How does a lean small startup launch look different than a product launch at a place like Loom?
5 Answers
Julia Szatar
Julia Szatar
Tavus Head of MarketingAugust 25

It depends on your resources and the skills of your team. 

A larger company might be able to tap into more channels successfully or might already have more users and so the launch will inherently be more amplified. 

You can still do a successful launch as a small company with some creativity and good storytelling! Try to think about the channels that will have the most impact given your constraints and work with a good designer to make compelling assets, and use Loom to create fun demos...(shameless plug!). 

909 Views
Sherry Wu
Sherry Wu
Gong Senior Director, Product MarketingJuly 19

I've worked at Series B startups all the way up to F500 companies.

The theory behind product launches is the same - you want to align your launch to business goals. But, the HOW (the tactics and resources) and the WHO (the team) behind executing a product launch are really where there are differences. 

At a F500 company, you've got dedicated teams for naming, brand, sales enablement, web, social, and more. PMMs might focus only on launch messaging at a larger company, and spend a lot of time on stakeholder management and alignment. At a smaller company, you've got fewer stakeholders to get in a room, so you can move very quickly, but PMMs will often end up wearing those hats worn by other teams (e.g. writing email copy, landing page copy, thinking about naming and branding, etc.)

7321 Views
Aurelia Solomon
Aurelia Solomon
Salesforce Senior Director, Product MarketingDecember 2

You can read my answer about taking a Tiered approach in one of the other answers. If you're a lean start up, I would suggest focusing on doing just 2 Tier 1 launches a year, and sprinkle in two Tier 2s throughout the year (rather than the 3 Tier 1s 3 Tier 2s I recommend for a more mature company).

In addition to quanity of launches, you can use your "Bill of Deliverables" as a lever. Bill of Deliverables are the assets you are going to create for launch - think customers facing slides, messaging & positioning, one pagers, ads, landing pages, email campaigns, enablement training, press release, blog post, customer messaging etc). Instead of doing all of these, maybe you focus in on the 6 promotional activities that are going to drive the most momentum, awareness and pipeline for your business. 

You can also lean on others to help you. Empower your launch team members to use the messaging and positioning that you have created to do their work. For example, your head of SDR can write the prospecting scripts, your head of demand gen can write the email campaigns, etc and you can take the role of reviewing and editing. If you have budget to outsource anything, you can leverage great copy writing to write the blog post, think of witty ad blurbs etc.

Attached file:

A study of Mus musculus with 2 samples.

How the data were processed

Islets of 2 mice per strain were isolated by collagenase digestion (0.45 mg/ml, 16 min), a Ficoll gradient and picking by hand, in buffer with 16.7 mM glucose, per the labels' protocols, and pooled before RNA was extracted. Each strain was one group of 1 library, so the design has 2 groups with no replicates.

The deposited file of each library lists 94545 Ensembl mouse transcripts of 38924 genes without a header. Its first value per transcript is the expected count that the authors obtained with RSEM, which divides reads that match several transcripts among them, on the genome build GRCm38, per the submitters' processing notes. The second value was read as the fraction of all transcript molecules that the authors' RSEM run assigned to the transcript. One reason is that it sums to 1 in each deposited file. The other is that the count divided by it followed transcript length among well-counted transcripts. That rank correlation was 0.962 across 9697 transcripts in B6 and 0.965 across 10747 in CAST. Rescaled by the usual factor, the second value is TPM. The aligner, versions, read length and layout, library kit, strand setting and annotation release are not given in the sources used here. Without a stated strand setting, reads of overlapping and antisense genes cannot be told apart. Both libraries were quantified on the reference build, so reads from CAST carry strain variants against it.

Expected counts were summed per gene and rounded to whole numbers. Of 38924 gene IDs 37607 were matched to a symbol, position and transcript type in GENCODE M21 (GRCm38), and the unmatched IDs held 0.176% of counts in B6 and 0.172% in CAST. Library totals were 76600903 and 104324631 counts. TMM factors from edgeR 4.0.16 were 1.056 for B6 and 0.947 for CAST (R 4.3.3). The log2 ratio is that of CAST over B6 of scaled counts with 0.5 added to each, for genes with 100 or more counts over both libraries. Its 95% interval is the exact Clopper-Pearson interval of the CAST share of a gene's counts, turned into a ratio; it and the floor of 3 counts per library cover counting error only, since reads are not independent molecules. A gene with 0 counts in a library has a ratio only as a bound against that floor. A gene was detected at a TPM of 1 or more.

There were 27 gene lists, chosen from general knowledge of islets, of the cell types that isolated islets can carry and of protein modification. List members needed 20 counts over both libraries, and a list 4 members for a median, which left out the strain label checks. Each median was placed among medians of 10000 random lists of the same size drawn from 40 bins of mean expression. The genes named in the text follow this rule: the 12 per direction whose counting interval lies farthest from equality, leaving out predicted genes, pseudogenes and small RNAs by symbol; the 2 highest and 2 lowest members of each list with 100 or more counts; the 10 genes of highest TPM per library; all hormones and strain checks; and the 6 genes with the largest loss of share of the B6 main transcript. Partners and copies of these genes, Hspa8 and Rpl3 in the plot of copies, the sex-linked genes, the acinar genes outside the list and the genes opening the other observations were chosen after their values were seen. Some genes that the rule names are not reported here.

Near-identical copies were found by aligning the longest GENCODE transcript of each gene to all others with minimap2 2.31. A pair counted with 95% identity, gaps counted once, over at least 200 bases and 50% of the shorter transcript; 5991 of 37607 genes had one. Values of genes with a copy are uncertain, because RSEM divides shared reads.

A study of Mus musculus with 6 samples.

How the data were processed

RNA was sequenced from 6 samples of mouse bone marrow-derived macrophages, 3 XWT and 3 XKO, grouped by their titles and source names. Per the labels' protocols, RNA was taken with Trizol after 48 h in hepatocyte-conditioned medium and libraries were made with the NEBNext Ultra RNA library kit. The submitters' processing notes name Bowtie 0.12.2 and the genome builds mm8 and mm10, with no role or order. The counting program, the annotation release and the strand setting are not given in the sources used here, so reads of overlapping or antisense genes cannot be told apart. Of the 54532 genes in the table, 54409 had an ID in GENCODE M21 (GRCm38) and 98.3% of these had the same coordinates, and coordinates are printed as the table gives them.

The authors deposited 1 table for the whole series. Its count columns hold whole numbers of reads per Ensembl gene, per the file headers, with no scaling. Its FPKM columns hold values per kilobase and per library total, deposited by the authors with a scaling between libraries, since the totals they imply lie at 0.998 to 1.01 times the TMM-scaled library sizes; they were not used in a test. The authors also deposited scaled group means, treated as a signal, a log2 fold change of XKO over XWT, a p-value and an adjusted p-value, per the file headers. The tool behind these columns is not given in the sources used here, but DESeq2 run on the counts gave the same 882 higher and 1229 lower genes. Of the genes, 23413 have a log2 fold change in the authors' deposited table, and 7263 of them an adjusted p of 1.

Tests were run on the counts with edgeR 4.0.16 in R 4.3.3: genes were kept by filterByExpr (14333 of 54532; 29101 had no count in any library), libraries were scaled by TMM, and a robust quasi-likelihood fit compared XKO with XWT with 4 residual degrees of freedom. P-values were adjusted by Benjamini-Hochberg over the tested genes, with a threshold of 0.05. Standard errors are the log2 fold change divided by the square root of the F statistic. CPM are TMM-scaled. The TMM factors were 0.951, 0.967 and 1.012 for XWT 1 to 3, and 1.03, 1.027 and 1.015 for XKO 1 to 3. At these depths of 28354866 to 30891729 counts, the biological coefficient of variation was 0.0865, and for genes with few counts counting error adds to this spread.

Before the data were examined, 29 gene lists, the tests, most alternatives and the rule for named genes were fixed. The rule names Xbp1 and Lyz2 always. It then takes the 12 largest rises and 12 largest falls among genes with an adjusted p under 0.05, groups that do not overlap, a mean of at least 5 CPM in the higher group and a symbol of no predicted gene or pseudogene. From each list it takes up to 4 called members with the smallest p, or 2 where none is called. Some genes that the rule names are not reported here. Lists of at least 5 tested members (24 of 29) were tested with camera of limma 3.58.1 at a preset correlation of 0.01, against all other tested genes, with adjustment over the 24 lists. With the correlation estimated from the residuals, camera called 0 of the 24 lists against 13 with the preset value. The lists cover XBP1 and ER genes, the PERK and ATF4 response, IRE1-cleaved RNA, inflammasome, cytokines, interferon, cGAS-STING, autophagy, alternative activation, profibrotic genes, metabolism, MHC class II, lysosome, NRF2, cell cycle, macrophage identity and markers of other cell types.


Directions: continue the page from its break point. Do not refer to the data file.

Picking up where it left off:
416 Views
Aliza Edelstein
Aliza Edelstein
Route VP of Product MarketingSeptember 29

It looks like Loom has ~250 employees (according to LinkedIn), raised a total of $203.6M in their series C in 2021 (according to Crunchbase), and was valued at $1.53B. I’m sharing this mainly for context for other readers, even though my answer to your question will be a bit indirect because the startups I joined early were at least Series B and well-funded (i.e., not super early stage or lean).

The big differences between lean/small/early stage startups and bigger ones are:

  • Budget—money will be tighter if there’s less funding. Teams need to be scrappier and do more growth hacking.

  • Resources—you probably don’t have a team for every specialized function, and you may not even have a person for it (i.e., a copywriter, a social media manager). This means you will be wearing more hats. I joined Brex just before they announced their series C raise, when they were valued at $1B and had 175 employees, and we were still many months away from hiring a dedicated copywriter and social media manager. Fast forward to a series D raise, a $12.3B valuation, and 1,400 employees, and there are now entire dedicated teams and/or supporting agencies for these functions. In the early days, I was asked to design the art for some billboards in Figma; that stopped once we hired an in-house designer.

  • Process—the younger the company, the fewer people, the less process. 

Communication—I stressed the importance of overcommunication in the previous answer. At a much smaller company, communicating is easier because everyone knows what everyone else is working on. If you can all fit in one room or on one video call, you probably don’t need to worry about certain teams missing context.

418 Views
Dave Daniels
Dave Daniels
BrainKraft FounderOctober 4

A successful product launch requires collaboration, coordination, and communication. A launch is easily the most cross-functional initiative a company takes on. It's a coordinated dance of different functional areas with distinct workflows working toward a common outcome.

Smaller companies are less complex and have fewer products. The 3Cs are easier. Bigger companies have more products and are more complex. The 3Cs are harder.

There is a need for much greater process rigor as a company grows. The swimlanes get narrower, and the number of stakeholders increases. Processes, frameworks, methods, and tools really make a difference. Heroics no longer win the day because heroics don't scale.